Trappers cabin

"There are strange things done in the midnight sun, by the men who moil for gold: the Arctic trails have their secret tales, that would make your blood run cold..." these descriptive words by Robert Service in his famed verse the Cremation of Sam McGee conjure up many a memory of living in Canada's Yukon. Unlike Robert Service, I have no talent in poetic verse, but similar to him I lived in the north for a time but have, as yet, not returned - an absolutely breathtaking part of the world and for some mysterious reason that I cannot identify, I haven't gone back.

In any case, turning this discussion over to food I can share an experience I had in Whitehorse way too long ago that has yet to be matched! This was the annual Wild Game Banquet that is organized by the Yukon Outfitters Association. Have you ever been on an outfitting trip? Let me tell you, there is no experience like it! In any case, the Yukon Territory boasts a number of different species of wild life including moose, Stone Sheep, Dall Sheep, Mountain Gouat, Barren Ground Caribou, Grizzly and Black bears, wolves, wolverine and even Wood Bison. We sampled them all!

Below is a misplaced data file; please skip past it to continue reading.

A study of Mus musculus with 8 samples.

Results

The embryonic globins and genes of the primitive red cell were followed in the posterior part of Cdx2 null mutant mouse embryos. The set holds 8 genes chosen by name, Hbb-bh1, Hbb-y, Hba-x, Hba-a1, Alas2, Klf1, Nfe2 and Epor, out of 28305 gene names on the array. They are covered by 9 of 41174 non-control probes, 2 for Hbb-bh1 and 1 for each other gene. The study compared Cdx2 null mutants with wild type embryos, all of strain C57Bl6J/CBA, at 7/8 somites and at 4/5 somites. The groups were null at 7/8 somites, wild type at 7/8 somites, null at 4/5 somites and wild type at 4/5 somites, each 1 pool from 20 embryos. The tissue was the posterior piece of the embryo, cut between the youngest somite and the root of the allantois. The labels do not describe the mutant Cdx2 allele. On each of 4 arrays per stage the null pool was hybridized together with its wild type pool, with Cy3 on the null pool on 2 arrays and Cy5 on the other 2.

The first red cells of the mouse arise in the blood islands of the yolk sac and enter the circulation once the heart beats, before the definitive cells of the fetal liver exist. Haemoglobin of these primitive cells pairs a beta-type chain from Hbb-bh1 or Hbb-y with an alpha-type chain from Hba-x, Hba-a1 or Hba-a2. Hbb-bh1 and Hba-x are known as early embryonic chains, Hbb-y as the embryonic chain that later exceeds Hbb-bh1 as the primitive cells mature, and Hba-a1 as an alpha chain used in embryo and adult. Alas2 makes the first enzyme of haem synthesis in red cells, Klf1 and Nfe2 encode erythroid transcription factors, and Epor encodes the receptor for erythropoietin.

The feast I was privy too was a truly authentic and unique northern eating experience. I recall there being every type of animal represented to the Territory, and certainly local to the Territory, prepared in various ways. Keep in mind, that when preparing wild meat there is a whole process and very specific herbs and berries used that really enhance the flavours. Indeed, in many cases, trying to cook wild game in the same way one would cook domesticated cuts such as beef and pork, result in a tougher, gamier taste and texture.

Some of the edible plants local to north of 60 would be the Arrowhead, Northern Bedstraw, Fireweed, Dandelion, Mountain Sorrel, Wild Mint, and Wild Rose. The Yukon also hosts a variety of tasty berries, small often but often more succulent than their southern counterparts. Among the berries are Black Currents, Red Currents, Saskatoon Berries, Crowberries, Cranberries, Bunch Berries and Bear Berries. The berries and various plants can be dried or used fresh in everything from light jellies to sauces to pastries and flavorings for various meat dishes. As well, edible mushrooms are very much part of the Yukon's landscape, some of the edible versions including Black Morel, Saffron Milk Cap, Chicken of the Woods, and Meadow Mushrooms. From Fireweed to Labrador tea. Sampling a number of these varied flavours within the various stews and salads was a truly amazing experience.

So as you might deduce, foraging, hunting and gathering are all incredible activities you can engage in while visiting this part of Canada.

www.wendy.faria.ca

Comments  

 
#1 Matthias Tesi Baur 2013-06-10 19:23
Very interesting article. I would like to learn more about the North-Canadian cuisine!